The scenic route to Cape Ann from points south is Route 127, which runs through Manchester-by-the-Sea, an enchanting village incorporated in 1645. Now a prosperous suburb, it was the setting for the 2016 film Manchester By The Sea. It’s known for Singing Beach. Commuter trains from Boston ($10 one-way) stop in the center of the compact downtown area, where there are shops and restaurants. Nearby Masconomo Park overlooks the harbor.

The home of the Manchester Historical Museum is the Trask House, 10 Union St. (tel. 978/526-7230), where Abigail Trask ran a general store and millinery in the early 1800s. Tours ($5 suggested donation) show off the period furnishings and artifacts from the town’s maritime history. The museum also operates the Seaside No. 1 Fire House Museum, which holds two antique engines and memorabilia of the town fire and police departments. Both buildings are open Saturdays in July and August from 10am to 1pm (with additional winter hours for the Trask House), and by appointment. The museum also has information on three self-guided walking tours around town.

Early Birds Get . . . a Spot at the Beach 

Cape Ann is almost as well known for its sandy swimming beaches as it is for its rocky coastline. Keep in mind that the water is cold and that parking can be scarce, especially on weekends. If you can’t set out before breakfast, wait until midafternoon and hope that the early birds have begun to clear out. During the summer, lifeguards are on duty from 9am to 5pm at larger public beaches. Keep the tide schedules in mind since high tide can seriously shrink available towel space. Many beaches post tide schedules, parking updates, and insect info on Twitter. The beaches listed here all have bathhouses and snack bars. Parking can cost up to $30.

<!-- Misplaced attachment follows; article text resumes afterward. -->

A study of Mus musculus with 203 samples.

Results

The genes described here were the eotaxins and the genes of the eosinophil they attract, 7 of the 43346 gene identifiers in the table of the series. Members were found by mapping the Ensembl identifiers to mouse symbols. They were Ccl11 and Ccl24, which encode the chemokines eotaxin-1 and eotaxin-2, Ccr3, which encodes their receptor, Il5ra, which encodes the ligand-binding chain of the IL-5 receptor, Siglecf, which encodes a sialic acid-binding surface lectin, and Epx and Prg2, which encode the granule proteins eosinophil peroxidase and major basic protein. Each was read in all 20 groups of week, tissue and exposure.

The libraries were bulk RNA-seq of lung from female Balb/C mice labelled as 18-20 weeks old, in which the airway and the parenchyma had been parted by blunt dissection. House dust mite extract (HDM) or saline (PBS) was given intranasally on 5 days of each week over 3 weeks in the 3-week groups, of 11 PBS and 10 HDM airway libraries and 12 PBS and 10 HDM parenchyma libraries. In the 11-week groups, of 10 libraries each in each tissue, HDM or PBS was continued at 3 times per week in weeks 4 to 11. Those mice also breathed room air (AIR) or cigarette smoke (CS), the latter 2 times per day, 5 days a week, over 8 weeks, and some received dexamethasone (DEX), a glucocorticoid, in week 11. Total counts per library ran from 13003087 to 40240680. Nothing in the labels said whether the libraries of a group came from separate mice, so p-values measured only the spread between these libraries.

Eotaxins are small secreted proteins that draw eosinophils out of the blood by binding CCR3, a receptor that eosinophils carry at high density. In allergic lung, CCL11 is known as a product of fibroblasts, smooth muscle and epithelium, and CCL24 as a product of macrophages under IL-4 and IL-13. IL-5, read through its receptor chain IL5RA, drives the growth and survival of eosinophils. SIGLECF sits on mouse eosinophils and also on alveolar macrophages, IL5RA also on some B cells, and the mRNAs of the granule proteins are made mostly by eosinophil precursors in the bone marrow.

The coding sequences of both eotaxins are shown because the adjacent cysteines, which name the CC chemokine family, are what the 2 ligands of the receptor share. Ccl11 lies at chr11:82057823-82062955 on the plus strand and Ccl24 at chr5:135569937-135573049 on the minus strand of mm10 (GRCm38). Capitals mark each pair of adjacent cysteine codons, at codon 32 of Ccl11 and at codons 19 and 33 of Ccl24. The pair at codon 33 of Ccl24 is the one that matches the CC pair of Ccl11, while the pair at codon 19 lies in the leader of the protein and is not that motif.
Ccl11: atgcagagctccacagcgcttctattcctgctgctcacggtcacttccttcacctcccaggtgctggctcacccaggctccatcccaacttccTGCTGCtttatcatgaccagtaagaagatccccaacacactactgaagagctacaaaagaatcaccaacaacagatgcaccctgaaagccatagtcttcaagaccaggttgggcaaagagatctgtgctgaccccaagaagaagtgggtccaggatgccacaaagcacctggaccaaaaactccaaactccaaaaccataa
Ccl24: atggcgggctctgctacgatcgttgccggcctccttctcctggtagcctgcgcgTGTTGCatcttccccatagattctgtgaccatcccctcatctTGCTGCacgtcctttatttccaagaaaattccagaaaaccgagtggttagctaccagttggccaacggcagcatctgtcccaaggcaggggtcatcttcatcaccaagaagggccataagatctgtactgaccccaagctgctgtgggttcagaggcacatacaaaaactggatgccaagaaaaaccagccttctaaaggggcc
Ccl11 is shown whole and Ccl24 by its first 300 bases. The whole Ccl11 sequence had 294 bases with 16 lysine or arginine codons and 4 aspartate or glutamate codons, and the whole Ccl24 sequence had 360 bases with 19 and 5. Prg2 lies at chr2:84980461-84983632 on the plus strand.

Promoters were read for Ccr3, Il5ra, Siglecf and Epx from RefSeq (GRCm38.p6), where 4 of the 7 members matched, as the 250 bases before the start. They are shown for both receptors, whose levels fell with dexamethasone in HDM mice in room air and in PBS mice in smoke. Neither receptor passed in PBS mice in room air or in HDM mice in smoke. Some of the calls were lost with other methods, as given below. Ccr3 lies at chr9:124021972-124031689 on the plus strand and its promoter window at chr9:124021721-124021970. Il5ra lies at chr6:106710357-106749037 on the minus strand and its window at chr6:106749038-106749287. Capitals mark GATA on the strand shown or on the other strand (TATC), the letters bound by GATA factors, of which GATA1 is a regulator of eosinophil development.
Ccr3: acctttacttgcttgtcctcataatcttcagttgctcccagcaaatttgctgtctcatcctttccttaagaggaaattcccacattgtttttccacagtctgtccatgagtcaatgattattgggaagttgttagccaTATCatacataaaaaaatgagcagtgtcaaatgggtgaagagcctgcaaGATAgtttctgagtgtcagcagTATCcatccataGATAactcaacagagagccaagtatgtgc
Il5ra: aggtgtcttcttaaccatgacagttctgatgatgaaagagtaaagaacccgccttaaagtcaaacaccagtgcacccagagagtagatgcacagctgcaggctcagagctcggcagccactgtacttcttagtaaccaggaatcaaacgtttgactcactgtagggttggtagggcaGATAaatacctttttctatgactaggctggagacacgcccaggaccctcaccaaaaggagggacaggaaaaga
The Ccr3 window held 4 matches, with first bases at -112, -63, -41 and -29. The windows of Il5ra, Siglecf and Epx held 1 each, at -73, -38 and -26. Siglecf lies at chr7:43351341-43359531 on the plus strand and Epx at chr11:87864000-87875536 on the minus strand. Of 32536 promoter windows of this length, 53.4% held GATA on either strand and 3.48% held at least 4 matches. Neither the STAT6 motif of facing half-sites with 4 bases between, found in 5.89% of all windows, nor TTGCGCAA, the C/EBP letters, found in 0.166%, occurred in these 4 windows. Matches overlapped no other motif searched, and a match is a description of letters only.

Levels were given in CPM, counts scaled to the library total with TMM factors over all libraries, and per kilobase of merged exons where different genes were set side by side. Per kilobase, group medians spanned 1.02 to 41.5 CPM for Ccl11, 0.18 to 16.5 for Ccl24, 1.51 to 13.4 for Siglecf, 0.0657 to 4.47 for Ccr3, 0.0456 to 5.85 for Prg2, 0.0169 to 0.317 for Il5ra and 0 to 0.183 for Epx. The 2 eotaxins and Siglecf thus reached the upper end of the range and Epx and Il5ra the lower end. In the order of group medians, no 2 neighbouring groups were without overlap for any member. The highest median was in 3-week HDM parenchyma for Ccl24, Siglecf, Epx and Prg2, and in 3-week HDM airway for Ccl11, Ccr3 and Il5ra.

The best-known North Shore beach is Singing Beach (tel. 978/526-7276), in Manchester-by-the-Sea, off Masconomo Street. Because it’s so accessible by commuter rail, it attracts a diverse array of beach bunnies up from Boston. From the train station, walk half a mile on Beach Street to find squeaky sand (which gives the beach its name) and lively surf. It costs $7 per person to walk on, cash only.

Nearly as popular is Crane Beach (tel. 978/356-4354), in Ipswich, off Argilla Road. It’s part of a 1,200-acre barrier beach reservation, with fragile dunes and a white-sand beach leading down to Ipswich Bay. The chilly surf is calmer than that at less sheltered Singing Beach. Also on Ipswich Bay is Gloucester’s Wingaersheek Beach (tel. 978/325-5600), on Atlantic Street off Route 133. (Take exit 13 off Route 128). Wingaersheek has beautiful white sand and a glorious view.

Most other good beaches in Gloucester have almost no nonresident parking. Two exceptions are Half Moon Beach and Cressy’s Beach, at Stage Fort Park, off Route 127 near Route 133 and downtown. The sandy beaches and the park snack bar are popular local hangouts.

Whether you’re swimming or not, watch out for greenhead flies in July and August. They take little bites of flesh and are miserable company. Bring insect repellent.

Exploring Essex 

West of Gloucester on Route 133 lies a beautiful little town known for Essex clams, salt marshes, a long tradition of shipbuilding, a plethora of antiques shops, and one celebrated restaurant, Woodman’s of Essex.

Water views here are of the Essex River, a saltwater estuary. The offerings of Essex River Cruises, Essex Marina, 35 Dodge St. (tel. 978/768-6981) include narrated 90-minute tours of the salt marshes that put you in prime birding territory. They run daily mid-May through mid-October. The pontoon boat, which allows for excellent sightseeing, is screened and has restrooms. Tickets cost $26 adults, $24 seniors, $14 children 4 to 12; reservations are suggested.

Note: This information was accurate when it was published, but can change without notice. Please be sure to confirm all rates and details directly with the companies in question before planning your trip.